Lynne O’Mara ’10


A career in medicine often comes with a high price—long years of study, high debt, and delaying the start of family.  But at the age of 32, Lynne O’Mara is a senior physician assistant and clinical director for the new Brigham and Women’s Hospital (BWH) Center for Geriatric Surgery, earns a good salary, and raises her two daughters with husband Patrick ’09, all without investing four years in medical school and a residency.

While studying biology at Franciscan University, Lynne shadowed physicians and PAs.

“The Franciscan Biology Program gave me all the prerequisites I needed for the PA program, so I saved time and money in grad school,” Lynne explains.  “And though I didn’t realize it at the time, the independent research I did with Dr. Perozich in bioinformatics really impressed every grad school where I applied.” Looking back, she values knowing professors personally and receiving their help and advice on a career path.

After graduating from Franciscan, Lynne was hired as a research assistant in Dartmouth College’s Testicular Cancer Research Lab where she published in the Journal of Biological Chemistry.  She then earned her master’s in physician assistant studies through the Massachusetts College of Pharmacy and Health Sciences’ accelerated 23-month program. She loves the autonomy to diagnose and treat her own patients, prescribe meds, and assist in surgery.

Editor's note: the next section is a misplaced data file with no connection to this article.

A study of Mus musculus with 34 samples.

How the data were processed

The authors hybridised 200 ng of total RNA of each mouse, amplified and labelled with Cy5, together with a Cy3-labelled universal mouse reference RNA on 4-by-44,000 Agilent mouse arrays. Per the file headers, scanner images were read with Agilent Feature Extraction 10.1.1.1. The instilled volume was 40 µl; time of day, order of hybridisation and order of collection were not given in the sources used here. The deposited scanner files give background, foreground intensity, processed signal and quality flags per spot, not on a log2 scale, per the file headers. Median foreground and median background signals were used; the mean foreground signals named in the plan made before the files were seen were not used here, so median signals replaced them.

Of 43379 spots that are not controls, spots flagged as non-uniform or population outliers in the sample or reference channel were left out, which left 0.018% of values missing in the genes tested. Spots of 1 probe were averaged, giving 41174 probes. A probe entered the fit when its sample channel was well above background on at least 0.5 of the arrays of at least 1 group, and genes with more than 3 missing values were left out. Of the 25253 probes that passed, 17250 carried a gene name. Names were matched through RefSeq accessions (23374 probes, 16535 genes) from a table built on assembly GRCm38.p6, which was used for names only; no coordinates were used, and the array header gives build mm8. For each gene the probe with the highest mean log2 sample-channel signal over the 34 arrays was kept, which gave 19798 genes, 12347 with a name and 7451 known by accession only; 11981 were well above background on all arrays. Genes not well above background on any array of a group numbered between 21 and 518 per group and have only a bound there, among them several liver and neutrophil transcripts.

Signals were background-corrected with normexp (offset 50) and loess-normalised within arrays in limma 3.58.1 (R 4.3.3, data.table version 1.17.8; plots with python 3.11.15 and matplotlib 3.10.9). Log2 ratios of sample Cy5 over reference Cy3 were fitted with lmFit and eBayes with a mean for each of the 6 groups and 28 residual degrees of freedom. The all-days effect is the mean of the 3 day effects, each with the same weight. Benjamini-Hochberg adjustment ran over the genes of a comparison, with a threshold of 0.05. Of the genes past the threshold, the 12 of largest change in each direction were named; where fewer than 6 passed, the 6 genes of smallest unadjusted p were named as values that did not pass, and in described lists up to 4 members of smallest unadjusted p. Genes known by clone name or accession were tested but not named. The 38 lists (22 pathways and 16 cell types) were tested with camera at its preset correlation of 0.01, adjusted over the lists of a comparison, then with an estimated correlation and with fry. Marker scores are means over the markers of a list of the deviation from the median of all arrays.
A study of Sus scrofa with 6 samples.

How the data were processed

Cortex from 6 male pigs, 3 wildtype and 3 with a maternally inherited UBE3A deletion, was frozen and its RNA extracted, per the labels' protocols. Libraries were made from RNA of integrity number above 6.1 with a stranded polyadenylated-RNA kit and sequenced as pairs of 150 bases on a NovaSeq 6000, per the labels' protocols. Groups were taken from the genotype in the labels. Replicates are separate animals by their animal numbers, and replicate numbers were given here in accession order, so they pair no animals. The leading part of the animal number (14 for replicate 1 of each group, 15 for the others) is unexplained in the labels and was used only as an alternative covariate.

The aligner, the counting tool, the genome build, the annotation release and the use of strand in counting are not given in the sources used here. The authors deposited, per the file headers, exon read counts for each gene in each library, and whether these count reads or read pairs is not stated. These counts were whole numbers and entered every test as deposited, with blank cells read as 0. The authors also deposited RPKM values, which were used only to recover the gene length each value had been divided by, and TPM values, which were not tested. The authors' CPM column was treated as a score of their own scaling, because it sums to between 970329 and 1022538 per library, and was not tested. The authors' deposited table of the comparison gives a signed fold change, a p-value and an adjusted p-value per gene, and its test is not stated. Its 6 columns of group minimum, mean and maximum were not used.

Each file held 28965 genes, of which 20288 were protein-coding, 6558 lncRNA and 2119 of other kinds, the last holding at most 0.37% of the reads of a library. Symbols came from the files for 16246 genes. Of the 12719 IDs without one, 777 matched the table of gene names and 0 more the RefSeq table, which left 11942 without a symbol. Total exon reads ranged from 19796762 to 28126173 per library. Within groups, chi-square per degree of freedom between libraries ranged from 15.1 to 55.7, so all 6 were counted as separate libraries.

It was the Austria Program that really sold Lynne on choosing Franciscan as an undergrad. “In biology, a lot of schools don’t allow you the option to study abroad — but Franciscan helped me save all my core classes such as humanities to take in Austria.  I took classes four days a week, then traveled three days a week to Rome, Assisi, and 15 countries.”

Lynne met her future husband Patrick, also a biology student, during her last week at Franciscan.  He has since finished his master’s in bioinformatics from Harvard Extension School and is working as a programmer analyst for Cell Signaling Technologies, a biotech company that designs and creates antibodies for research utilization. She smiles and says with passion, “I love Franciscan—and I hope our kids go there!”